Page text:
After a hike to Sunrise Hut in the Ruahine Range, Simon Malthus turned grey before his breathing and heart stopped, requiring quick actions from St John to help save his life.
Mr Malthus, 40, was suffering from a cardiac arrest on his family's Waipukurau farm. Last month he returned to Hawke's Bay with his wife Emily to thank the St John staff responsible for saving his life in 2009.
"He was just sitting on the couch when he went grey and stopped breathing," Mrs Malthus said.
"My mother-in-law phoned 111 where they advised and taught us how to perform CPR over the phone until the paramedics got there."
Mr Malthus is just one of thousands to benefit from St John ambulance services across Hawke's Bay in recent years. In response to an increasing national workload, St John ambulance announced last week it was increasing its callout fee to cover burgeoning costs. Hawke's Bay patients will be charged $88 - a $4 increase on its previous fee.
While Mr Malthus' emergency was a shock for himself and his family members, it is a daily occurrence for those working around the clock for St John.
Mrs Malthus said the St John ambulance arrived shortly after the phone call and immediately staff began attempts to revive her husband.
"They put the panels on him and brought him back, until he was breathing independently. It's not like the movies though, he didn't just wake up, he was still unconscious and completely out to it."
Taken to Hawke's Bay Hospital by rescue helicopter, Mr Malthus said it was "emotional" to relive the incident with his heroes after remembering only snapshots of that November afternoon before "coming to" in intensive care.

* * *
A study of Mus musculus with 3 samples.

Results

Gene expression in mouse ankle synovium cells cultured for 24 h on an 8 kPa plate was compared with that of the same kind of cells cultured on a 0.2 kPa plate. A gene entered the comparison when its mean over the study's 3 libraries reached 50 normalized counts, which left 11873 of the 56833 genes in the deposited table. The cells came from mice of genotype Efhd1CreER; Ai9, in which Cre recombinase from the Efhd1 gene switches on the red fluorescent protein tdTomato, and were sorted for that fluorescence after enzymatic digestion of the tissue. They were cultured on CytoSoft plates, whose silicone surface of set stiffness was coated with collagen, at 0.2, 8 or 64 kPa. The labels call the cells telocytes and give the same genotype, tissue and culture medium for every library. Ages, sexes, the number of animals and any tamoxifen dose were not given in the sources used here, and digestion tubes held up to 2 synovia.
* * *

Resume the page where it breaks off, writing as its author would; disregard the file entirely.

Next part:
"I vaguely remember walking down the hill and patches at home but everything else is black, I'm not sure if I've blocked that out or what." He said the "surreal" incident had left him thankful, and now with a 10-month-old boy to care for, he attended regular check-ups for his heart. "The doctors still aren't really sure what caused his cardiac arrest," Mrs Malthus said. "No one expects their partner to potentially drop dead on a Sunday afternoon but thanks to the St John crew we were able to save his life ... they had everything under control, from the call handler in Wellington telling us how to perform CPR, to the team in the ambulance." Now living in Auckland with his wife and son Jack, the directional drilling site supervisor has had no major health scares since 2009 and visits his parents Central Hawke's Bay farm every few months.